Chicago Sun-Times 07-23-2003 (Van Rollover)

Chicago Sun-Times 07-23-2003 (Van Rollover)

Lawsuit filed in fatal van crash

Mother of dead baby says driver and owner are liableBy Lucio Guerrero
Staff Reporter

The mother of an 8-month-old by who died in last weekend’s van crash on Interstate 57 filed a lawsuit Tuesday against the van company and its driver.

Mayra Hernandez’s lawsuit alleges that the company, Willis Bus Service, and its driver, Douglas A. King, were responsible for the Saturday morning crash that left two children dead and 16 others injured.

“It’s not reasonable for this company to pack the van full of passengers and entrust the safety of those passengers with an unsafe driver,” said Thomas A. Zimmerman, the mother’s attorney.

“This lawsuit seeks to compensate the family for the tragic loss of their 8-month-old boy.”

According to the lawsuit, King was speeding and tailgating cars as he drove a van full of people to two Downstate correctional facilities to visit inmates. The lawsuit contends that King failed to exercise care when driving, drove a commercial vehicle without proper licensing and failed to limit the number of passengers in the van.

The lawsuit also blames Willis Bus Service, and its owner, George W. Willis, of failing to make sure that King was properly licensed and failing to properly train drivers.

King and Willis were not available for comment.

The van was en route from Chicago to the Big Muddy Correctional Center, a medium-security prison in southern Illinois, and Centralia Correctional Center with inmates’ family members.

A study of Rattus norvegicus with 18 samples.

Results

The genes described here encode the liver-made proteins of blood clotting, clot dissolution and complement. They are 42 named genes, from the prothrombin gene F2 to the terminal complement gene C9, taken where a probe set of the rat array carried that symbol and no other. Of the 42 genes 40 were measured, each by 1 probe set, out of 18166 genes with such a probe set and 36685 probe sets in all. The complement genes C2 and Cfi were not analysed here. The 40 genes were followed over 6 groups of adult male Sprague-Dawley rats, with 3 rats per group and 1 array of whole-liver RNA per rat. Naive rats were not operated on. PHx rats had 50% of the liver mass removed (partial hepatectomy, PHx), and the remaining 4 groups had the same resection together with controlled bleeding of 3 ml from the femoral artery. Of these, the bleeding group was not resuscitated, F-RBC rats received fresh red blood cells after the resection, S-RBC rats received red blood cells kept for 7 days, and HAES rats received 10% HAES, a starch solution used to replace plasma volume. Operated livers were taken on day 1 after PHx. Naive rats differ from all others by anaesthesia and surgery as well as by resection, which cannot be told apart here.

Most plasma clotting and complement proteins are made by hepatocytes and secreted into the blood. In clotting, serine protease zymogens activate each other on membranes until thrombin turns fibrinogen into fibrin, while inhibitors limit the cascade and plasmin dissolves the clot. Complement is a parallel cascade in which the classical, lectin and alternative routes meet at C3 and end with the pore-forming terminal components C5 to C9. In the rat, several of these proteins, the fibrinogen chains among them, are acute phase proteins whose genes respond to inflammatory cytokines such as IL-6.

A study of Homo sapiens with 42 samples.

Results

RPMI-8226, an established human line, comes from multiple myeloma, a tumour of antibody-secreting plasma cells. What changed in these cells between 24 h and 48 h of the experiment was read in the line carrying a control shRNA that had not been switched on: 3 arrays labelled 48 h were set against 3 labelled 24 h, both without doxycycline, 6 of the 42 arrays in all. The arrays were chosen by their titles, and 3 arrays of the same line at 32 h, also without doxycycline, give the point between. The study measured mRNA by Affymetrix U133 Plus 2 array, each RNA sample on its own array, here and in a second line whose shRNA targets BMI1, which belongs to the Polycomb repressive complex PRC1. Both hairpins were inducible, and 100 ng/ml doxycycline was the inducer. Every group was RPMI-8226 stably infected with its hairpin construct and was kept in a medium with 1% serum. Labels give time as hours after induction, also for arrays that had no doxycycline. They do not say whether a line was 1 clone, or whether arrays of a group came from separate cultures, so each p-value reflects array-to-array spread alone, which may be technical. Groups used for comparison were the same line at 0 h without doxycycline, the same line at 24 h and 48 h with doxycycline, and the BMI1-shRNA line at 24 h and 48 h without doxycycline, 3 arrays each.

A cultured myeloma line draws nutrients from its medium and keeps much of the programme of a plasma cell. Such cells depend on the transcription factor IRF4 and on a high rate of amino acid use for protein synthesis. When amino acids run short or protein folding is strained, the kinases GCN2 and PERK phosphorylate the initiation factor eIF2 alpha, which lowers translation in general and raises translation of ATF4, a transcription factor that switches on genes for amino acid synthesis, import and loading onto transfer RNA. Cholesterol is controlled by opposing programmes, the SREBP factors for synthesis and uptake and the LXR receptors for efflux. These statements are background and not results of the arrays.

Sixteen of the 18 passengers were thrown from the vehicle after it lost part of its roof. Eight-month-old Desmond Brown and 3-year-old Zeus Limonez died in the crash. Police said Zeus was found dead underneath the van and Desmond was pronounced dead at Riverside Hospital in Kankakee.

Preliminary Illinois State Police reports said driver fatigue and speeding may have been to blame for the accident. Police also said that King did not have a commercial driver’s license, the can was packed beyond its 15-passenger capacity and the business was not properly licensed to charge riders.

Hernandez said she had been hesitant to take the van to the Big Muddy after being told that she wouldn’t be allowed to take a child-restraint seat.

She said she was told Desmond would have to ride in her lap.

About 20 miles south of Kankakee, the van rolled over. Hernandez said she found her son about 10 yards away.

“I picked up my son and he was looking at me and then he closed his eyes. I knew my baby was dead,” said Hernandez, who was going to visit the boy’s father. “I kept telling him to wake up, wake up.”

No charges have been filed in the case, but officials at the Iroquois County state’s attorney’s office said that could change after police finish their investigation later this week.